The report showed that growth slowed to more typical rates of expansion following a period of ‘exceptionally strong’ growth over the previous year. Average costs and prices continued to rise sharply, with similar rates of cost and price inflation expected next quarter.
Optimism within the sector fell for a third consecutive quarter, but investment intentions generally improved and employment within the sector continued to grow, though less quickly than expected last quarter (for the third quarter running). Concerns over shortages of labour and shortages of components and materials remained acute.
“There are strong signs that manufacturers are pursuing long-term strategies to see themselves through current volatility with investments in their people, plants and machinery,” said Maddie Walker, head of Industry X in the UK at Accenture.
“Rather than pull back on innovation, investing in technology will help to improve productivity, keep costs down, and unlock new ways to make products more effectively.”
Based on the responses of 237 manufacturing firms, the survey found that business sentiment fell -21 per cent, from -34 per cent in the quarter to April.
Output volumes in the quarter to July grew at the slowest pace since the quarter to April 2021 (balance of +6 per cent, compared with +25 per cent in quarter to June and a long-run average of +4 per cent) with a similar growth rate expected in the three months to October (+6 per cent).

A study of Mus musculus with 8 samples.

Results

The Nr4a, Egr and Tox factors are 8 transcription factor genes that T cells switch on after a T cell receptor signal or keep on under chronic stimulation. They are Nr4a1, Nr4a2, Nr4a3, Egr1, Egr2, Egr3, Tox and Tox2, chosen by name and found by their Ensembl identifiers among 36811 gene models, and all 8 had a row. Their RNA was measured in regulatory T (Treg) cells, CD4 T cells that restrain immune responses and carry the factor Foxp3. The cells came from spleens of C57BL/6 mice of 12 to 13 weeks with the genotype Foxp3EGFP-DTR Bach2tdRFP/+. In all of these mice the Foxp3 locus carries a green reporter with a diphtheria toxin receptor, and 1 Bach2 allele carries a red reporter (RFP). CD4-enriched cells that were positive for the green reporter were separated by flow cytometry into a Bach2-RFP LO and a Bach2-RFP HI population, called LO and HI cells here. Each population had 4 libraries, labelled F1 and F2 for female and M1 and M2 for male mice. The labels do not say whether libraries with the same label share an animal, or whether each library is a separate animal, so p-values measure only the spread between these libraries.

Average costs in the quarter to July increased at a slightly slower pace compared with the previous quarter, but growth remained well above average (+82 per cent, compared with +87 per cent in April; the long-run average is +31 per cent). Cost growth is expected to slow a little further in the quarter to October (+77 per cent), while prices are expected to rise at a similar pace as in the last quarter (+48 per cent).
Investment intentions for the year ahead picked up in comparison to April for plant & machinery (+17 per cent from +9 per cent), product & process innovation (+10 per cent from +1 per cent) and training (+10 per cent from -3 per cent). Investment in buildings is expected to fall slightly (-7 per cent from -6 per cent, though remaining above the long-run average of -17 per cent).
Numbers employed grew at a similar rate to the previous quarter (+18 per cent from +21 per cent), with a similar increase rate expected in the next three months (+19 per cent).
Anna Leach, CBI deputy chief economist, said that while conditions are becoming more uncertain for a sector already buffeted by high-cost inflation and ongoing supply challenges, the firming investment intentions are encouraging.
“Stronger investment will be vital if the UK is to reinvigorate growth and keep recession at bay,” Leach said. “The new prime minister will need act quickly to fan the flames of these ambitions by announcing a permanent successor to the Super Deduction and urgently reforming an outdated business rates system that currently acts as a tax on investment.”